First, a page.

Sexuality and Gender

Gay Idioms Don’t Time Travel

Author Alan Shlemon Published on 09/06/2022

“Did you know that Jesus helped his friend come out?” That’s how one pro-gay theology activist starts his video. Then he shares a New Testament passage in which Jesus supposedly tells LGBT people to come out of the closet and show their true selves, implying that Jesus affirms living a life satisfying LGBT desires. Before we get to the passage, we need to unpack how to interpret an important literary device: the idiom.

An idiom is a phrase whose meaning can’t be deduced from the individual words. For example, if I say, “It’s raining cats and dogs,” you know I mean it’s raining hard, not that felines and canines are falling from the sky. Notice the meaning of the phrase doesn’t emerge from the words “cats and dogs.” Rather, the combination of words has an established usage that’s understood by modern English speakers.

Idioms, however, lose their meaning when they are translated into another language, moved to a different culture, or transported to another time period. If I translate “It’s raining cats and dogs” into Russian, the phrase will lose its meaning. You would have to use a different group of words that carries the same meaning in Russian. It’s also possible that in 2,000 years (assuming the English language remains), the phrase “It’s raining cats and dogs” will no longer be understood to mean it’s raining hard.

That’s why it’s important to remember the Bible was not written in English, in our culture, or in a remotely similar time period. Biblical languages have their own figures of speech, and, most relevant to my point, idioms don’t time travel. Words used to create idioms back in the first century don’t mean the same thing today and vice versa. Sometimes, though, a reader today will see a group of words in Scripture and interpret them through the lens of modern English when the biblical author neither used English words nor meant to communicate the idiom they have in mind.

Popular pro-gay theology advocate Brandan Robertson made this mistake with a passage from the Bible. I’ll admit, though, it’s understandable given his position. If you identify as lesbian, gay, or bisexual and want to follow Jesus, you have two options. The first is to obey Jesus. That means you must pick up your cross daily and follow him, a command that requires you to no longer satisfy same-sex sexual desires. There are many men and women in the church, like my friends Christopher Yuan and Becket Cook, who have done just that. They mortify their same-sex sexual desires and abide by Scripture’s sexual ethics.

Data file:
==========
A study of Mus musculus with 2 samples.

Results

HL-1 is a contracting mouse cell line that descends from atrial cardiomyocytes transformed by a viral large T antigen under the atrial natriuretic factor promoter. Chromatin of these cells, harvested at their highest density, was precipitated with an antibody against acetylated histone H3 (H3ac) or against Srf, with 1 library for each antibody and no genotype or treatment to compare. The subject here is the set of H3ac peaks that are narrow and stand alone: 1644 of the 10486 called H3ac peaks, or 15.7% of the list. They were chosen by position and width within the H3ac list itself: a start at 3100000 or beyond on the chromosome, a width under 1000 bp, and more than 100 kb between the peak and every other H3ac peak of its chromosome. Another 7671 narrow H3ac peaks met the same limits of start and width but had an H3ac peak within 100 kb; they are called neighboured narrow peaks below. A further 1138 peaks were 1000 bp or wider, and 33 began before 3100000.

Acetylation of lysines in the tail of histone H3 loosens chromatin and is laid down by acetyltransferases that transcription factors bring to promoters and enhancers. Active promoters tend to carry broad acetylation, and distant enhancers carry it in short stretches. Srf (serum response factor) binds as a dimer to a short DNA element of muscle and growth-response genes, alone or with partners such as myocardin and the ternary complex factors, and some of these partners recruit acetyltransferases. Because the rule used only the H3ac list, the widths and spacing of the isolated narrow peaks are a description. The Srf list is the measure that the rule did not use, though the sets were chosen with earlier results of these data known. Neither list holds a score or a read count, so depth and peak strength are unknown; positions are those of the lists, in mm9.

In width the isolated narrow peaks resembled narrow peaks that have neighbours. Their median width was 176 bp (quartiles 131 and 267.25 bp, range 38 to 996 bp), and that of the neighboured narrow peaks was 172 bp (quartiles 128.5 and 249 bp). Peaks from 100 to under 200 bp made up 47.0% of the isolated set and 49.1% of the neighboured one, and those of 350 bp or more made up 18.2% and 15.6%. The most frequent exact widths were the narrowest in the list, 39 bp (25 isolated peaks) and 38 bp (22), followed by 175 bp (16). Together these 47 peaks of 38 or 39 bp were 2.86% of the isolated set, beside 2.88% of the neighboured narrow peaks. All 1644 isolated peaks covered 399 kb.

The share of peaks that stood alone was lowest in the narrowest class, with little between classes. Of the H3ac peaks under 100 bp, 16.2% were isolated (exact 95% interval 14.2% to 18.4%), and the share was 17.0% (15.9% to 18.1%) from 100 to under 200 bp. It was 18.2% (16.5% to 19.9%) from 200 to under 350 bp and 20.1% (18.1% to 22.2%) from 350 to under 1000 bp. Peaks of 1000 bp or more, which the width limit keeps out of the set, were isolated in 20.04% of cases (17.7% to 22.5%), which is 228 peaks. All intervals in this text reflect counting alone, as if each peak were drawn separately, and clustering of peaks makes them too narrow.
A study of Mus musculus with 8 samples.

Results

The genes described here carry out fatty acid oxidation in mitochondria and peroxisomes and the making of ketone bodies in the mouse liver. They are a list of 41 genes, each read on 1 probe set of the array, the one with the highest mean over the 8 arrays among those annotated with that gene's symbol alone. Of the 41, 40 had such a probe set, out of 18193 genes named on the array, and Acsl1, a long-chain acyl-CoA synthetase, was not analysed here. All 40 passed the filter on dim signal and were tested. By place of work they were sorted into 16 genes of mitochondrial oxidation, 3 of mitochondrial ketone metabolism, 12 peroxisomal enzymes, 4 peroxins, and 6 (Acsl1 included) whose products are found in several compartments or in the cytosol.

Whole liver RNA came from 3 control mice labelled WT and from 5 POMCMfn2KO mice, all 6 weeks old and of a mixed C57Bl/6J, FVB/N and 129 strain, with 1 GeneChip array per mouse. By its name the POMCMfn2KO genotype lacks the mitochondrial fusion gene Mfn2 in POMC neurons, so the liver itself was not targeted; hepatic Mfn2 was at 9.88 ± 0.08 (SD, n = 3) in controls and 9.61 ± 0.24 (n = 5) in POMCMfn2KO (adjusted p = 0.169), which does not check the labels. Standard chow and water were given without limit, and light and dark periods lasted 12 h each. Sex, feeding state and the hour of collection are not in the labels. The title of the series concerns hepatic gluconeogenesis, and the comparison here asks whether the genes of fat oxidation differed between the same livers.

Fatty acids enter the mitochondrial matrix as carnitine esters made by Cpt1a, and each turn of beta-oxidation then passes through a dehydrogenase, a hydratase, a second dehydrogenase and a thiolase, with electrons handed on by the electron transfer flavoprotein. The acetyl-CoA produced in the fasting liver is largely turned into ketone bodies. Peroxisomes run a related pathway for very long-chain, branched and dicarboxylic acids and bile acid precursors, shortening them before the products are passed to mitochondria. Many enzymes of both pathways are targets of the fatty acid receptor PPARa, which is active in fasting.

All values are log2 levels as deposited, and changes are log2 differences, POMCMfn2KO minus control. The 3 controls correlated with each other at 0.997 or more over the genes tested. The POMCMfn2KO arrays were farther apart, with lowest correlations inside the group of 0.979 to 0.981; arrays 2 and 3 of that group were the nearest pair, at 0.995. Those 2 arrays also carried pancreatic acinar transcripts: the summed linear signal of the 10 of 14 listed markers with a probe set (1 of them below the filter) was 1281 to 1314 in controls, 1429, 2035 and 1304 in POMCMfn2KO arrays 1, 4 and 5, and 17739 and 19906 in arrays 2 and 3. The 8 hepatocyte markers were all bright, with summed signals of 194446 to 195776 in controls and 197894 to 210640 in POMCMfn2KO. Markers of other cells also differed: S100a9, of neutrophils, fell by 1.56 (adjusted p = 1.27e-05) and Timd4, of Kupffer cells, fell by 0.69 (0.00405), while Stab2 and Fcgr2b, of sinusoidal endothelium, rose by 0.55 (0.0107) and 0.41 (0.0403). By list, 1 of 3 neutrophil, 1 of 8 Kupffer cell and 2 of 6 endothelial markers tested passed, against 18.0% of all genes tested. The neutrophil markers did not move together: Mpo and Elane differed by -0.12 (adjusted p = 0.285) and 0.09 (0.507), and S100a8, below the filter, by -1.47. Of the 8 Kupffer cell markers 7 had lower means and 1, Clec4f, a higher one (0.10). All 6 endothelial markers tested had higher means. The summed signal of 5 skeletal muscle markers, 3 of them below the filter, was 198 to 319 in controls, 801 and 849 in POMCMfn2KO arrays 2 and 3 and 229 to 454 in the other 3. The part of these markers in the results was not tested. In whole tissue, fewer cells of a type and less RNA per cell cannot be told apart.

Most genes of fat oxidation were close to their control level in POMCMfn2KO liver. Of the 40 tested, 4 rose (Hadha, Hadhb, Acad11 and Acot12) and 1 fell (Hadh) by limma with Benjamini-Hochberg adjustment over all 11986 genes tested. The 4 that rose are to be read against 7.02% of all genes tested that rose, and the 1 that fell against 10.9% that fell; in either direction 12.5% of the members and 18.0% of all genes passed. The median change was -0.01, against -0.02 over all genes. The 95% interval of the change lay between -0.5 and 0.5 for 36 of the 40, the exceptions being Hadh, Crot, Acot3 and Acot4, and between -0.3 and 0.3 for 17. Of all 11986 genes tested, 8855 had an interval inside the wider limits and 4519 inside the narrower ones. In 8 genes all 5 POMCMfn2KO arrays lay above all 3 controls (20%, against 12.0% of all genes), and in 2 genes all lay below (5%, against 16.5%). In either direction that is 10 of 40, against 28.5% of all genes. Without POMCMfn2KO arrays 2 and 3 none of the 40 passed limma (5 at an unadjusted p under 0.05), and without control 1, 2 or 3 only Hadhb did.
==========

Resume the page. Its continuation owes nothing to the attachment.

The second is to reinterpret Jesus and twist the meaning of his word. That’s what pro-gay theology advocates do. They recognize the church has a 2,000-year historical precedent of interpreting Scripture to teach that marriage is about one man with one woman becoming one flesh for one lifetime (Matt. 19:4–6). They also recognize the church has interpreted the Bible to prohibit homosexual sex (Lev. 18:22, Rom. 1:26–27, etc.). That means same-sex sexual activity is sin.

Since this pro-gay theology advocate doesn’t accept the first option, he’s forced to reinterpret biblical teaching on sexuality and put words in Jesus’ mouth. Robertson cites John 11:43 (ESV), where Jesus brings Lazarus back to life and calls on him to “come out.” He argues that Jesus is encouraging Lazarus to “step into the light…be who you are…come alive.” In similar fashion, this is also what he claims Jesus is calling current-day LGBT persons to do: “Come out of the tomb of shame, take off the chains that have bound you up, step into the glory of who God made you to be…just as you are.”

Notice the problem? “Come out” is an idiom for publicly announcing you are gay, lesbian, bisexual, or transgender. It is, however, an English language idiom and has only been understood in that way since the end of the 20th century.

Gay idioms don’t time travel. You can’t take English words that have a specific meaning today and map them onto a biblical passage. Not only did Jesus not speak English, but it’s anachronistic to impose a modern cultural meaning on a 2,000-year-old text.

If that were a legitimate way to interpret Scripture, then one could also argue that Jesus considered homosexuality a demonic disability. Notice what happened after Jesus healed a demon-oppressed woman: “When Jesus saw her, he called her over and said to her, ‘Woman, you are freed from your disability.’ And he laid his hands on her, and immediately she was made straight, and she glorified God” (Luke 13:11–13, ESV). Did Jesus heal a woman from being gay and make her “straight”? Of course not. That’s because being “straight” is also a modern idiom that can’t time travel to the first century. Because we recognize this interpretation is mistaken, we can also dismiss the “Lazarus, come out” interpretation because it uses the same faulty interpretive method.

Pro-gay theology advocates have tried to undermine the historic Christian teaching on sexuality for decades. The problem with their approach has often been their inability to follow commonsense interpretive rules that help determine the meaning of any text, not just the Bible. When they violate these rules, they can make Scripture say anything, as evidenced by their unsubstantiated claim that Jesus encouraged LGBT people to come out of the closet.